Matthue Roth
Koby Israelite, p. 2

Considering Koby's relative immaturity in a genre where most professionals are seventy years old and speaking dead languages, he has acquired a remarkable fluency. "Toledo Five Four" is a cover of a Ladino melody, and "Diego," which most white people would assume is about some dude from East Harlem, is a Romanian traditional wedding song. It's the kind of schooling that makes being a hipster worthwhile.

And then, of course, there's the interpolation of the Simpsons theme during the title track.

Zeek: There's a some Ladino stuff going on, which is really cool, especially when you put it up against all the European klezmer themes that Jewish jazz musicians usually use. But then you have all these esoteric titles, like "Toledo Five Four" and "2nd of Tamuz."
Koby: I play most of the instruments myself so it's kinda hard to jam with myself. So when I basically know the structure of the song I record the leading instrument (accordion, guitar) then I record the drum track and bass track. All the overdubs come later. There's definitely a Jewish motive involved. Whether it's klezmer, Ladino, Sephardic, cantorial, Middle Eastern or Balkan. "Toledo Five Four" is a traditional Ladino song. Sang at the Sabbath table. The title is a kinda word game. Hawaii Five-Oh/Toledo Five Four. . . . The time signature of the tune is five four, so there you go.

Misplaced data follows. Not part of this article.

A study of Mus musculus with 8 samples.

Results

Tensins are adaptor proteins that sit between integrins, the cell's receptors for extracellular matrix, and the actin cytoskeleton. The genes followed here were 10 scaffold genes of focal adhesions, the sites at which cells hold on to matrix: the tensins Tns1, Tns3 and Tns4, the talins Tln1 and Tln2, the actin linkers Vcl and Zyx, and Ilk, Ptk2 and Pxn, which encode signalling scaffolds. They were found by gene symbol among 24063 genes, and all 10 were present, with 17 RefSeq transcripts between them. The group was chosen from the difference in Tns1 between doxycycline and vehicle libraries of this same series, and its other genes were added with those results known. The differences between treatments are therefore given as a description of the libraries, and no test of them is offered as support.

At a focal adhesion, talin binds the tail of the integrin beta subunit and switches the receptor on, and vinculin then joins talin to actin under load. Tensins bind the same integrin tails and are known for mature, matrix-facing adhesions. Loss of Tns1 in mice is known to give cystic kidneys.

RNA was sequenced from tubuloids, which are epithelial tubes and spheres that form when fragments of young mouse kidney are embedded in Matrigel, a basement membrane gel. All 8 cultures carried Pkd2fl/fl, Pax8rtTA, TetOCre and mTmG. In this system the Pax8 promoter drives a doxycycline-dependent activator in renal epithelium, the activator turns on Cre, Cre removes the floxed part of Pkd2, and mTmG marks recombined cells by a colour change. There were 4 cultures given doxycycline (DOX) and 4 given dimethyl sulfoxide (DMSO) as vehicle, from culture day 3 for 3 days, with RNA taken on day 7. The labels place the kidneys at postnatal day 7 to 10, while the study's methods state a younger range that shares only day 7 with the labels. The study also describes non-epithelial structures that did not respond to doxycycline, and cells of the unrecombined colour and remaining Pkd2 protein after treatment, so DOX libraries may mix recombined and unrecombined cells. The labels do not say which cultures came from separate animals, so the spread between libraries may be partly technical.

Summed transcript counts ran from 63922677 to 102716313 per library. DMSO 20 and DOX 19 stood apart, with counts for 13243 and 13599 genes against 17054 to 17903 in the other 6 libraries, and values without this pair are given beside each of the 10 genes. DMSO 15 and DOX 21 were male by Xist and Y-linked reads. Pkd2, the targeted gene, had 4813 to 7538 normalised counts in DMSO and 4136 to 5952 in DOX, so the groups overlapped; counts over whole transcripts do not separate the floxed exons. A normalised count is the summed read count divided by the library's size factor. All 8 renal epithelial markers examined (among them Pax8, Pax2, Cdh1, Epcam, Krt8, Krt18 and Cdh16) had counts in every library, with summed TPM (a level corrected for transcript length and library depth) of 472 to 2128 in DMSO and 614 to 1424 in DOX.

Talking with Koby is bizarre and chaotic. In the middle, he starts asking me about my favorite song of his, my high-school Britpop band, what I think of Metallica. The song "2nd of Tamuz" was actually recorded during a Jewish wedding reception, a tribute to Koby's day job while recording the album.

Dance of the Idiots is half a Sunday-morning brunch album and half a Saturday-night slam-your-friends-against-the-wall-dancing record. Sometimes, during the clarinet-and-accordion breakbeat groove of "Dance of the Idiots," it's both at once. Throwing your friends against the wall during a hardcore klezmer breakdown-it's either a Korn conversion class or a gay yeshiva boy's wet dream, right?

The world is about to find out. Koby is currently wrapping up the recording of his second album, still untitled. As soon as he's finished mastering, Koby plans to assemble a band and play his songs live-something that, as virtually the only performer on most of the songs on his album, he's never done before.

"Hopefully by early next year I'll have my band ready to kick some arse," he says. "In comparison to the second album, the first one is an easy listening music for retired Jewish ladies."

The metal aesthetic in jazz. Yeah, if there's one thing we can expect from Koby Israelite, it's unpredictability. And that suits him just fine.